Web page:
Issued 4 September 2006

Rainfall deficiencies spread following record dry August

Averaged across Australia, August 2006 was the driest August in the historical record from 1900, as well as being the warmest since high-quality monthly temperature records began in 1950. As a result, rainfall deficiencies expanded over southern Australia with record low winter falls over a large part of southern WA and parts of southeastern Australia. Deficits dating from the start of autumn intensified across the southeast, including Tasmania.

3-month rainfall deficiencies

For the 3-month period from June to August (winter), generally severe rainfall deficiencies covered most of the area south of a line from Exmouth (WA) to Eucla (WA) to Port Augusta (SA) to Albury (NSW) to Canberra (ACT) to Sale (Vic), as well as northern, central and eastern Tasmania. Record low winter totals occurred over an extensive area within the Perth/Esperance/Exmouth triangle, as well as in smaller patches in southeast SA, southern and western Victoria, and northern and southeast Tasmania. Multi-year rainfall deficits in the southeast, have been exacerbated by the most recent period of suppressed rainfall.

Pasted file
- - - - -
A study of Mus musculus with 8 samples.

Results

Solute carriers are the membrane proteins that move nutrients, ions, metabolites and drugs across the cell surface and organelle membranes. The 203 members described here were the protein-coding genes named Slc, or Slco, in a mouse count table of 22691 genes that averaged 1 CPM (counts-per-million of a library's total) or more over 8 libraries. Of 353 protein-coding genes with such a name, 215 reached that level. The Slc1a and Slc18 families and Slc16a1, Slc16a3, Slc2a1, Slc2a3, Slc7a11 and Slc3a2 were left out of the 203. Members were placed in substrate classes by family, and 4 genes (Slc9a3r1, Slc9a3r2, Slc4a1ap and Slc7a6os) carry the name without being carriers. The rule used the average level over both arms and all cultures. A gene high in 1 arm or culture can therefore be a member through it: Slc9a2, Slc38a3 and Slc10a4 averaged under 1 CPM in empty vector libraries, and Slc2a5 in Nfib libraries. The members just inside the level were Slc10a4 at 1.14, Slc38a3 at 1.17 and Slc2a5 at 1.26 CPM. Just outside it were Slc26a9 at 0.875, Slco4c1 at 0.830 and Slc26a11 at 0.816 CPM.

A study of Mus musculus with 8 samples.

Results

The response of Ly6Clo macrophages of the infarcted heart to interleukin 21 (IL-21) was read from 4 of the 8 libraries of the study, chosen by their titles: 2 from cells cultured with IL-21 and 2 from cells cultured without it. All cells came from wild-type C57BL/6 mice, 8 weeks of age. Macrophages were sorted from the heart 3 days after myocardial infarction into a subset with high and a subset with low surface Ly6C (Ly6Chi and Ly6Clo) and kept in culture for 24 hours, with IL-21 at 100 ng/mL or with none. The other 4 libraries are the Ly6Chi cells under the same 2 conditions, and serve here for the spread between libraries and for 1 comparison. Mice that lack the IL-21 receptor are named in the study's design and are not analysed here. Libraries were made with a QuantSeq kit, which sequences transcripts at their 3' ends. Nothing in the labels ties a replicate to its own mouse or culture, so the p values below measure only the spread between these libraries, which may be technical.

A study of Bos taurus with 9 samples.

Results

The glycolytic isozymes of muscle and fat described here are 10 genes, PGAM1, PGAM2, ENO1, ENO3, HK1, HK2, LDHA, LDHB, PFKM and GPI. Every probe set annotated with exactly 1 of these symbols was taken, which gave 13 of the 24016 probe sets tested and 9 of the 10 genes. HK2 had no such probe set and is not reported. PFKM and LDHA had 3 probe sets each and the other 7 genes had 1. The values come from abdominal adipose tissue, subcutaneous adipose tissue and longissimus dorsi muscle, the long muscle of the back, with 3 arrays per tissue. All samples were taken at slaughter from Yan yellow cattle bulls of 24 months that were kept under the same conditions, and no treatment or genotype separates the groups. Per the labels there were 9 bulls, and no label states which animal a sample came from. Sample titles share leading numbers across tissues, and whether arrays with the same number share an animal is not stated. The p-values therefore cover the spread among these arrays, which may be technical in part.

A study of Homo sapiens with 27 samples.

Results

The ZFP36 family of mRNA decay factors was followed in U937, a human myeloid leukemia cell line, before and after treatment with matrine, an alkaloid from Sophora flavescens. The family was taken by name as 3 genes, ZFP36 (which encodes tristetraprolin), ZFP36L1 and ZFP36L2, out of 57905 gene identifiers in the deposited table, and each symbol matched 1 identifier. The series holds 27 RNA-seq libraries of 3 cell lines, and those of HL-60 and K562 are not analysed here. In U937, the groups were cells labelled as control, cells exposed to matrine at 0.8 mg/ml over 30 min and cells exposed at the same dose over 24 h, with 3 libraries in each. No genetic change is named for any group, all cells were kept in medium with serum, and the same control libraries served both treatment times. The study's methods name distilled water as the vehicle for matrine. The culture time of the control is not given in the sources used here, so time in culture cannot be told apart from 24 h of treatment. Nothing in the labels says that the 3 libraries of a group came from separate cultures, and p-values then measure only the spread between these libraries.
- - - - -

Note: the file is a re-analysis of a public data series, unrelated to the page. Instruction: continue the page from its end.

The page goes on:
6-month rainfall deficiencies

For the 6-month period from March to August (autumn-winter), serious to severe rainfall deficiencies extend in a band from southeast SA to central Victoria to the central-west of NSW, where record low falls have occurred. An area near Albury and another region on the SA/Vic border have also had their driest autumn-winter on record. The zone from north of Carnarvon to Albany in western WA is also affected, with areas of lowest on record falls along the coast. August rainfall in southwest WA was sufficient to ease the deficits, with much less of the area having record low rainfall than was evident at the end of July.

Deficits expanded over Tasmania for this period, with record low falls on the north coast, but there was little change to the pattern of deficiencies in southeast Queensland.

Click on the map for larger view

Click on the map for larger view
Black and white | High resolution colour

Deficiencies for the period dating from January will no longer be monitored as they are essentially covered by the three and six month periods.

Rainfall deficiency maps for longer periods indicate that deficiencies at the three year timescale, which are particularly relevant to water supplies, remain prevalent in parts of eastern Australia, especially in Queensland.

Definitions

Lowest on record - lowest in the historical analysis, which runs from 1900.
Severe deficiency - rainfalls in the lowest 5% of historical totals.
Serious deficiency - rainfalls in the lowest 10% of historical totals, but not in the lowest 5%.

Very much below average - rainfalls in the lowest 10% of historical totals.
Below average - rainfalls in the lowest 30% of historical totals, but not in the lowest 10%.
Average - rainfalls in the middle 40% of historical totals.
Above average - rainfalls in the highest 30% of historical totals, but not in the highest 10%.
Very much above average - rainfalls in the highest 10% of historical totals.